As news emerged that federal authorities are reopening the investigation into the 1955 slaying of Emmett Till, visitors to the Smithsonian National Museum of African American History and Culture had his case very much on their minds.
At the Smithsonian museum dedicated to black history, visitors waited patiently Thursday to see Emmett Till’s glass-topped casket. The line wound past an adjacent theater and a segregation-era railway car.
Barbara Whiting emerged from the exhibit and paused. “This (country) was Emmett Till’s home, and he wasn’t allowed to live his life. It’s unfair,” she said.
Till’s fate was very much on the minds of visitors at the Smithsonian National Museum of African American History and Culture, as word spread that federal authorities are taking another look at the black Chicago teen’s 1955 slaying in Money, Mississippi. The killing and its aftermath helped spark the civil rights movement.
The Justice Department told Congress in a report in March it is reopening the investigation into Till’s case after receiving “new information.” Two white men were acquitted of murdering the 14-year-old youth in 1955. The case was closed in 2007 with authorities saying the suspects were dead; a state grand jury didn’t file any new charges.
Till’s relatives pressed Attorney General Jeff Sessions to reopen the case last year after the publication of a book in which the wife of one of the suspects was quoted as acknowledging that her testimony about Till accosting her wasn’t true.
Whiting said seeing Till’s open casket, which has a photograph of Till’s beaten, disfigured face inside, was a “soul reaching” experience for her as a black American because violence against black people remains common today.
“It’s something that happens to us all the time. I think if you’re black, you know what it’s about,” Whiting said. “… It’s hard to live here, but this is our home.” She visited the museum with friends Jeffrey and Sandra Woodberry, who nodded in agreement.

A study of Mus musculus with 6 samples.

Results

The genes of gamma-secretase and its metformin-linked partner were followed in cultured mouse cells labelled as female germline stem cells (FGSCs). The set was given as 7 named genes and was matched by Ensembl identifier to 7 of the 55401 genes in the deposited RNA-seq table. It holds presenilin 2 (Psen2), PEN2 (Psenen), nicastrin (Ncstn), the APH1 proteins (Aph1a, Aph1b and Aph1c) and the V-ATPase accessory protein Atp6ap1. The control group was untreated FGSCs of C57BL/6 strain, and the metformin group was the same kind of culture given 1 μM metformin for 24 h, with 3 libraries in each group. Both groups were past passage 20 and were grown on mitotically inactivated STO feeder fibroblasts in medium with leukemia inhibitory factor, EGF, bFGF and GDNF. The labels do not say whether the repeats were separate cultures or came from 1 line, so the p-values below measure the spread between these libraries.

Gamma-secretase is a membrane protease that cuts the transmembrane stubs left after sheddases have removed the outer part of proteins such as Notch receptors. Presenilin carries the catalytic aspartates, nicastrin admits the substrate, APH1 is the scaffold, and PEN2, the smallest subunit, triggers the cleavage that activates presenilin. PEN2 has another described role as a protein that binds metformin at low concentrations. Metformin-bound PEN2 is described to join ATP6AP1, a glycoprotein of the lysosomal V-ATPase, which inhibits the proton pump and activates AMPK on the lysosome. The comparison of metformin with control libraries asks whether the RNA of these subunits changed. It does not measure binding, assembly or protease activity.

“It’s just a shame that people could have so much hatred in their hearts,” Jeffrey Woodberry said, adding, “I’ll never forget seeing what I just saw.”
Till’s mother, Mamie Till Mobley, insisted on an open casket funeral for her son to show the horror of his death to the world. She sought justice for him for the rest of her life, and died in 2003. The casket, donated to the Smithsonian by Till’s family in 2009, is displayed with the look and feel of an actual funeral. Visitors sometimes wait for more than an hour to see it.
Lonnie G. Bunch III, museum director, said that’s why reopening Till’s case is a good thing. “In many ways, (Till’s) family, and in some ways America, is still in pain. We can only put that pain out when we find out the full story,” he said.
Across town, at the Southern Christian Leadership Conference’s annual convention, members welcomed the news that Till’s case was being reopened.
Its current president and CEO, Charles Steele Jr., had befriended Till’s mother through her civil rights advocacy work. He expressed hope that the truth about other civil rights cold cases will come to light.
“Hopefully, we are embarking upon the future of hope where this government will understand that it owes its citizens the truth on all matters, not just Emmett Till,” Steele said.